Homebread Paximadia-Inspired Bread

Paximadia-Inspired Bread

Posted in : bread, easy, honey, recipe, savory on by : Jeanette Rueb Tags: , , , , ,

It’s been a hot minute since I last updated the blog, but I thank you all for being patient with me during these difficult times. I’ve got a few things loaded up for you that I’ve decided were worth putting up for your enjoyment. Mostly, we’ve been eating a lot of potatoes, repeat meats, and “peasant food” to get by on limited groceries and pantry stock, but a few solid recipes have managed to come out of all my culinary BSing.

One such recipe is this one, which is a modified version of a traditional twice-baked Greek bread. I have some sensitive molars thanks to a botched filling from a couple of years ago, so I decided to try and see if I could make this delicious-sounding bread into a soft loaf. Sure enough, it worked! The result was a sweet, earthy loaf with just the right amount of spring and the perfect flavor profile to go with butter and some fig spread I have left over from my last charcuterie plate. It’s a real treat, no matter what you choose to pair it with!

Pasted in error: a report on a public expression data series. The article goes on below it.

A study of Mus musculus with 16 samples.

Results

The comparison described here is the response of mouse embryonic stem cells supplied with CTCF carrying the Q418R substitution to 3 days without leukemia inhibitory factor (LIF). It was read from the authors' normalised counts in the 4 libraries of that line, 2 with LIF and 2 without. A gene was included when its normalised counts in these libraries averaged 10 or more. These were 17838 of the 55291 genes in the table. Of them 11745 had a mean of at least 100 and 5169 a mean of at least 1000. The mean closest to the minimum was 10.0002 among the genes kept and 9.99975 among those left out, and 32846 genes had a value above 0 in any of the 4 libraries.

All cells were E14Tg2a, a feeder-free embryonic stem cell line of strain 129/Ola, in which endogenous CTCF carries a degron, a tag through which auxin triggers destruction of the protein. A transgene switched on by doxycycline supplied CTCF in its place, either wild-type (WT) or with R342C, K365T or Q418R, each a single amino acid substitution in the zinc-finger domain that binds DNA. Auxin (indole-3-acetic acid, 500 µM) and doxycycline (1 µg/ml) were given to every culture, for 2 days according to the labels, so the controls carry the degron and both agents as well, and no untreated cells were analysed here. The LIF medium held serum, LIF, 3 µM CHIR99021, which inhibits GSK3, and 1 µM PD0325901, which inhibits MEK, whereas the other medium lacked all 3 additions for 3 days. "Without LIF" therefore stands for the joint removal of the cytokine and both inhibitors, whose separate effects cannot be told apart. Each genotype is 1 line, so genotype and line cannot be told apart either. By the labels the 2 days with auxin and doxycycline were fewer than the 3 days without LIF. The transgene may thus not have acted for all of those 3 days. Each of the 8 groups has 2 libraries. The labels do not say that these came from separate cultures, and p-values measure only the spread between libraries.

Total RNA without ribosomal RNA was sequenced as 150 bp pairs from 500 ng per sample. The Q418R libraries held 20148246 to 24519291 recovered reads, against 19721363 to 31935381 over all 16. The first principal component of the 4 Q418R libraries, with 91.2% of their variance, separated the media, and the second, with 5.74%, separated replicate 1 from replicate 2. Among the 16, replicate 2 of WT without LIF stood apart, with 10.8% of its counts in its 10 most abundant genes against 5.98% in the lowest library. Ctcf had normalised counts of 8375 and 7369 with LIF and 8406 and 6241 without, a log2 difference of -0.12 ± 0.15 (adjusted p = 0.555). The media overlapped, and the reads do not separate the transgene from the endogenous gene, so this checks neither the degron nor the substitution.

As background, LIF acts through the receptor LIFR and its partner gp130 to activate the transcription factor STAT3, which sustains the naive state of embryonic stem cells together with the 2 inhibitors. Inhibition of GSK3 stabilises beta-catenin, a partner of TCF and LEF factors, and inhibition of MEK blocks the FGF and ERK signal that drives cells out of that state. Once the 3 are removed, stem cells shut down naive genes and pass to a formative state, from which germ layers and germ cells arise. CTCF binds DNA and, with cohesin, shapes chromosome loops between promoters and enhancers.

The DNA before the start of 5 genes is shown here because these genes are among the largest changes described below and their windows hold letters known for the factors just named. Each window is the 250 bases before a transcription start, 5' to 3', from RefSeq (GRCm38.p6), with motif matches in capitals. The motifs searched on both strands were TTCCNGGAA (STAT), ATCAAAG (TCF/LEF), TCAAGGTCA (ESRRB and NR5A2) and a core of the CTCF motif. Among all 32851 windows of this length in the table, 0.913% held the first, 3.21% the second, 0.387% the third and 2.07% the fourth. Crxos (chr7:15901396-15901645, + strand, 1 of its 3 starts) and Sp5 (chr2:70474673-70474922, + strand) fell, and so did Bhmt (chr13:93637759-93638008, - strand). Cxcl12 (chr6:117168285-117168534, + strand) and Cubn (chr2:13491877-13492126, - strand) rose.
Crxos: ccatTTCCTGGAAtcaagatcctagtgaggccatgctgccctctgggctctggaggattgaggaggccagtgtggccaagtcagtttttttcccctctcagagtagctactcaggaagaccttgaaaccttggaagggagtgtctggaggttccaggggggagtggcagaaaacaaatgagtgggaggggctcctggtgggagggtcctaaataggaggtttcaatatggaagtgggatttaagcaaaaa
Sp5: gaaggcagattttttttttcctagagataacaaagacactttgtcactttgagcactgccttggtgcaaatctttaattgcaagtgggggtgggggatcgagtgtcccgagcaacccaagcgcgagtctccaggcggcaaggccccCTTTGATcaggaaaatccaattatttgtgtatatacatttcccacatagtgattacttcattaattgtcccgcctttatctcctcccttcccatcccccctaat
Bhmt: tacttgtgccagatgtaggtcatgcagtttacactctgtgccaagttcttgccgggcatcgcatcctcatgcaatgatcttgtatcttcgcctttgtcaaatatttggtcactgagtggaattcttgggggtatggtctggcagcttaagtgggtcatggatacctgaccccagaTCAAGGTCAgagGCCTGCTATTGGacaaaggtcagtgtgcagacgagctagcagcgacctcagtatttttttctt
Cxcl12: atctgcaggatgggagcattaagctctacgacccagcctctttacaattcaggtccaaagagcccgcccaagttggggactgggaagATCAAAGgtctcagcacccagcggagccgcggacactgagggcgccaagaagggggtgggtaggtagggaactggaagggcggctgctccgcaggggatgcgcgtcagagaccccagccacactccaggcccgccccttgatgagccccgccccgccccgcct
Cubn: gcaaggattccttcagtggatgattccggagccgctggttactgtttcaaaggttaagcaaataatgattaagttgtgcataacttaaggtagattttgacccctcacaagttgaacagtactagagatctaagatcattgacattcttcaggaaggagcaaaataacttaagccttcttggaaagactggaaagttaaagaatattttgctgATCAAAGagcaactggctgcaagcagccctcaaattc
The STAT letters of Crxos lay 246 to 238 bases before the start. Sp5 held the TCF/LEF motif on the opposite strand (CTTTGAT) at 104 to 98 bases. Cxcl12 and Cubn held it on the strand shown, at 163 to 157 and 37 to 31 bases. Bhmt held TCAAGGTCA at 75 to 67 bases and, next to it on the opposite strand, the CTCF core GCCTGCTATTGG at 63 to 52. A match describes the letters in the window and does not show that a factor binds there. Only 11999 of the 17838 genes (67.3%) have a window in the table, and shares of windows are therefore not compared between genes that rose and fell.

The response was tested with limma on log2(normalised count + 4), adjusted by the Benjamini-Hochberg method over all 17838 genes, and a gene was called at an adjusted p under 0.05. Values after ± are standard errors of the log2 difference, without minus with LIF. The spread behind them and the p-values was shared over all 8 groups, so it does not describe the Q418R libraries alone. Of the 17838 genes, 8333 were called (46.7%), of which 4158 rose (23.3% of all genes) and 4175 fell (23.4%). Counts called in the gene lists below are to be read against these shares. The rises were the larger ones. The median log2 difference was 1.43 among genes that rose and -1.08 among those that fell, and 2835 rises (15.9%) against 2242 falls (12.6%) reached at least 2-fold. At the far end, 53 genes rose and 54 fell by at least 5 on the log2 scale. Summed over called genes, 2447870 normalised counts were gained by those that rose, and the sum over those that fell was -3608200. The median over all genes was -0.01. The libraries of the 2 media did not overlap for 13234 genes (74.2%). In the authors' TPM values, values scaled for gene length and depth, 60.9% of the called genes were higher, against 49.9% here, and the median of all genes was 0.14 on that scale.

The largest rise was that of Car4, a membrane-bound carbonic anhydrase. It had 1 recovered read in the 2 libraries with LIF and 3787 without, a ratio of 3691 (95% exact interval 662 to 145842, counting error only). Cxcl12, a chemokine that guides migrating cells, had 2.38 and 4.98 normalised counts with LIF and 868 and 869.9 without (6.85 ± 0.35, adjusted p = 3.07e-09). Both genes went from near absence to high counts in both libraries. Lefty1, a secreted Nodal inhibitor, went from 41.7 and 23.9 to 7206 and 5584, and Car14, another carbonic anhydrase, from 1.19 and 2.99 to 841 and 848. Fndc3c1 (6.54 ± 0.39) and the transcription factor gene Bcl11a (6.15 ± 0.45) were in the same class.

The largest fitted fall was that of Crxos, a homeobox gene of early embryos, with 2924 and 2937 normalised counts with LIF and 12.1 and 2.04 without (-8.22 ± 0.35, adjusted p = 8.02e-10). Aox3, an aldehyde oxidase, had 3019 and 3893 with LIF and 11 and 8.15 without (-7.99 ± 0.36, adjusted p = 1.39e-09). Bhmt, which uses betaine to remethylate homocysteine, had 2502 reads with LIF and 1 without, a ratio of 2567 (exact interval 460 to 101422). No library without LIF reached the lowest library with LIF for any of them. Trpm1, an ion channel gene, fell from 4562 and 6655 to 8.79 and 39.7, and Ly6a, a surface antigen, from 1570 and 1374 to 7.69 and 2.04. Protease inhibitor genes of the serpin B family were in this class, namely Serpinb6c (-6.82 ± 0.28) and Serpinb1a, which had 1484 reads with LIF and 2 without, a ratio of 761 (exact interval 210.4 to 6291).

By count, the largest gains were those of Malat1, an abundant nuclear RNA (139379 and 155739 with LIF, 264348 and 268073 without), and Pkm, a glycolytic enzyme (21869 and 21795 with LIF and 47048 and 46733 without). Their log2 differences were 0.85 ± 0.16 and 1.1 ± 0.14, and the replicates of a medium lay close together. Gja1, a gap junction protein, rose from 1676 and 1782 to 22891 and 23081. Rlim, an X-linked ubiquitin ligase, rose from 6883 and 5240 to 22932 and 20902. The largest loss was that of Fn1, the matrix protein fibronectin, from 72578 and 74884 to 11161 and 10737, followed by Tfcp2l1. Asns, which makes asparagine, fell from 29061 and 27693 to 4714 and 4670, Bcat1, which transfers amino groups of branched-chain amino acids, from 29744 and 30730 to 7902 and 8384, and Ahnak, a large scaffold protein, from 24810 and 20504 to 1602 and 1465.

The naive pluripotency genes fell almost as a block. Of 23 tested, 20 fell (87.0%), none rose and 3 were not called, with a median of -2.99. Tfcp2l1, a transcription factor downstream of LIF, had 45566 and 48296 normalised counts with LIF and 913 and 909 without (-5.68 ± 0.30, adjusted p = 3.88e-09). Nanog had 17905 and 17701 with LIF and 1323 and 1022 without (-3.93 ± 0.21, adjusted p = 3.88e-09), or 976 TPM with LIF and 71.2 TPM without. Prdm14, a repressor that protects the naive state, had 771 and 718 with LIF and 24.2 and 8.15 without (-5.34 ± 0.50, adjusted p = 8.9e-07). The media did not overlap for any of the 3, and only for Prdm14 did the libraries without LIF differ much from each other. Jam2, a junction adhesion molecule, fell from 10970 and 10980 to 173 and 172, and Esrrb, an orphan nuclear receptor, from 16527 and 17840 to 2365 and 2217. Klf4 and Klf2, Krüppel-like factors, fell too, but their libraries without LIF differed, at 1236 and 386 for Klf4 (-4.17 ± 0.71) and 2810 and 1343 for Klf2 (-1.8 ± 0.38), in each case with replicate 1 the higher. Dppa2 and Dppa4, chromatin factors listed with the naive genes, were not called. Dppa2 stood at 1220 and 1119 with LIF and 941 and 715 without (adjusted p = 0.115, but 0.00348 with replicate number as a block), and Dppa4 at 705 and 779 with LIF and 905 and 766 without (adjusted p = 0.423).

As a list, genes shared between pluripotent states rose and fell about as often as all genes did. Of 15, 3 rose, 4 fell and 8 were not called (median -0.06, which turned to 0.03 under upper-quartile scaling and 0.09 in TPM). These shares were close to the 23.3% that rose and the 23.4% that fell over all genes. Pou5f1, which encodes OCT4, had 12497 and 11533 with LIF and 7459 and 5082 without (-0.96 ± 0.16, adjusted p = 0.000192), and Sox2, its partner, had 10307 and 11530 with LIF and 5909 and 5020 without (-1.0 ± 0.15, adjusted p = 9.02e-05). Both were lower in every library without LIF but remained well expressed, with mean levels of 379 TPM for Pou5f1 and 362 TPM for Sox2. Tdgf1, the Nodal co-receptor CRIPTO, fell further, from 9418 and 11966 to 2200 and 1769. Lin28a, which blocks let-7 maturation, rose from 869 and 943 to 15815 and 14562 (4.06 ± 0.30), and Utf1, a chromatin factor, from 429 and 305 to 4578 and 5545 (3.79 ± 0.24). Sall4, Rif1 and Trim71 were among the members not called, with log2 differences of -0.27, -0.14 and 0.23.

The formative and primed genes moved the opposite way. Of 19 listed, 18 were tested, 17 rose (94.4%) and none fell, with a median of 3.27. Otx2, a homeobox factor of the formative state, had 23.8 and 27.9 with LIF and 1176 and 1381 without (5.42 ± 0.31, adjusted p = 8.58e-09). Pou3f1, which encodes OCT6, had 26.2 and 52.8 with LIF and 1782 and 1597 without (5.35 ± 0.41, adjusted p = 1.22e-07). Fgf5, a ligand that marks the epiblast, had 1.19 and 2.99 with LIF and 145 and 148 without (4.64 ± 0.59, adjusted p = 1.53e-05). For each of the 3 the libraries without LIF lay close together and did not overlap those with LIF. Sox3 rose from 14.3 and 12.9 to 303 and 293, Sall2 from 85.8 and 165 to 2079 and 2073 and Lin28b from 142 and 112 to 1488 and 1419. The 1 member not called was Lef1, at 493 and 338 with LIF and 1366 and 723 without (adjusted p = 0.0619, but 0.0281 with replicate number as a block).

2 1/2 cups Flour (whole wheat if you have it)
1 cup Bread flour
1 tsp Pumpkin pie spice (if you don’t have any, make your own!)
1 tsp Salt
1 1/4 cups Water
2 tbsp Olive oil
2 tbsp Honey
2 1/2 tsp Bread machine yeast

Combine your dry ingredients (not including the yeast) in a bowl and add your water, olive oil, and honey. Use a spatula to begin working the dough together. Once most of the dough is stuck together, turn everything out onto a clean section of counter space and work in the rest of the flour. The dough for this bread is a bit sticky, fair warning.

Once you have a kneaded ball of dough, plop it into the pan of your bread maker, add the yeast to the reservoir, and set the machine for a medium-size loaf with medium crust. I work with a Panasonic bread maker, so your instructions might vary slightly. Be sure to check your maker to see how your dough should be prepared.

After the bread has baked and can be released from the pan, allow it to sit on a rack for about 30 minutes to allow the excess moisture to evaporate before you place the loaf into either a bread container or prepare to freeze it. I ended up cutting my loaf in half (as you can see above), and I stored both halves in an airtight Tupperware container in my fridge. The top half of the loaf ended up getting wrapped in foil and sent home with a friend in an I-Miss-You package.